Caitiff \Cai"tiff\, a. [OE. caitif, cheitif, captive, miserable, OF. caitif, chaitif, captive, mean, wretched, F. ch['e]tif, fr. L. captivus captive, fr. capere to take, akin to E. heave. See Heave, and cf. Captive.]

  1. Captive; wretched; unfortunate. [Obs.]

  2. Base; wicked and mean; cowardly; despicable.

    Arnold had sped his caitiff flight.
    --W. Irving.


Caitiff \Cai"tiff\, n. A captive; a prisoner. [Obs.]

Avarice doth tyrannize over her caitiff and slave.

2. A wretched or unfortunate man. [Obs.]

3. A mean, despicable person; one whose character meanness and wickedness meet.

Note: The deep-felt conviction of men that slavery breaks down the moral character . . . speaks out with . . . distinctness in the change of meaning which caitiff has undergone signifying as it now does, one of a base, abject disposition, while there was a time when it had nothing of this in it.

Douglas Harper's Etymology Dictionary

c.1300, "wicked, base, cowardly," from Old North French caitive "captive, miserable" (Old French chaitif, 12c., Modern French chétif "puny, sickly, poor, weak"), from Latin captivum (see captive, which was a later, scholarly borrowing of the same word). In most Romance languages, it has acquired a pejorative sense.


c.1300, "wicked man, scoundrel," from Anglo-French caitif, noun use from Old North French caitive "captive, miserable" (see caitiff (adj.)). From mid-14c as "prisoner."


a. Especially despicable; cowardly n. 1 A base or despicable person; a wretch 2 (context obsolete English) a captive or prisoner, particularly a galley slave 3 (context archaic English) a villain, a coward or wretch

  1. adj. despicably mean and cowardly

  2. n. a cowardly and despicable person


Caitiff (literally a despicable coward or wretch) may mean:

  • a galley-slave in a Barbary bagnio
  • a Camarilla clanless character in Vampire: The Masquerade
  • The Caitiff Choir, an album released by the band It Dies Today
  • Lancelot Slays the Caitiff Knight Sir Tarquin, a painting by Frank Cadogan Cowper

Usage examples of "caitiff".

Her eloquent sighs and sobs soon told the caitiff he had nothing to fear.

I should have liked to have interrogated that caitiff while his gay doublet was yet besmirched with sand.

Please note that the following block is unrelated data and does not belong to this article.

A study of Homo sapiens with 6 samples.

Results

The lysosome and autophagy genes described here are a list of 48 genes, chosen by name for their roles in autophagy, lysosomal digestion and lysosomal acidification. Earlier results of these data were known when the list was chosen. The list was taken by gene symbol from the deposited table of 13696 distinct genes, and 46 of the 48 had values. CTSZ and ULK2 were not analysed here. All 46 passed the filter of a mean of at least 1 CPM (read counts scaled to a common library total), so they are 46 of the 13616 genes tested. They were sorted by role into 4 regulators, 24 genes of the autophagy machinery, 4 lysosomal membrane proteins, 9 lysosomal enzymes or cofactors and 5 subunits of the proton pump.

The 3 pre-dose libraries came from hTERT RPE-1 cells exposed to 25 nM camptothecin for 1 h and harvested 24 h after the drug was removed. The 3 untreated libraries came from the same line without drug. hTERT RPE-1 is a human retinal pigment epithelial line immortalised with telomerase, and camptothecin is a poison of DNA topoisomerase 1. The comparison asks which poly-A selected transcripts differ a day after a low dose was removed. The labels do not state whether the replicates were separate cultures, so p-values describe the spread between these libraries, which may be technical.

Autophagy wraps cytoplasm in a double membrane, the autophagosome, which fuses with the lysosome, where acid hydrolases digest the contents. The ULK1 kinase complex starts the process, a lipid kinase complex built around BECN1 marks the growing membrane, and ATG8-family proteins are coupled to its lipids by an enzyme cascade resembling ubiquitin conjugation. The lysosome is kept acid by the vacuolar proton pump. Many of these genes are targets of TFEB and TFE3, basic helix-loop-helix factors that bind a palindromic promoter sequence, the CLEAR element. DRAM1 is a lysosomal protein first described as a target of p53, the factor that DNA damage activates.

Thus she came to the Mill, and her palfrey was spent, and there she took refuge, beseeching Martimor that he would hide her, and defend her from those caitiff knights that must soon follow.

If there was a God more powerful than the sea, and only half as good as men are, he would pity my poor Rosa and me, and send a hurricane to drive those caitiffs back to the wretch they have abandoned.

I did it but to show these ignorant, prejudiced knaves how they might help each other when these cowardly caitiffs come against us with sarbacanes and poisoned shafts.

For a day or two, spirits and segars muddled his brain, and so kept thoughts away: but within a while they came on him too piercingly, and Julian writhed beneath those scorpion stings of hot and keen remorse: and when the coast-guards dragged the Mullet, how that caitiff trembled!

Emperor, and the Emperor, notwithstanding his brave words about a truceless war, seemed willing to pay the caitiff his price.

Therefore, in salute to Lord Bartholeme, we take to ourself these swans as a sign of lasting triumph against all caitiff enemies of our crown!

Earl is a coward that feareth to befriend me, or else he is a caitiff, ashamed of his own flesh and blood, and of me, the son of his one-time comrade.

Her eloquent sighs and sobs soon told the caitiff he had nothing to fear.

In the meantime, the caitiff minister had reached his manse, and found a ghastly loneliness awaiting him--oh, how much deeper than that of the woman he had forsaken!

Earl a mean-hearted caitiff to leave me, the son of his one-time friend and kinsman, thus to stand or to fall alone among strangers and in a strange place without once stretching me a helping hand?

Shame on the coward, caitiff hands That smote their Lord or with a kiss Betrayed him to the rabble-rout Of fawning priests--no friends of his.

Ay, miscreant caitiff, you would have made me a subject for science, would you?

In those too poor caitiffs she had all that her heart had been hungering for: simple hearts that understood her sorrow, loyal souls that never wavered.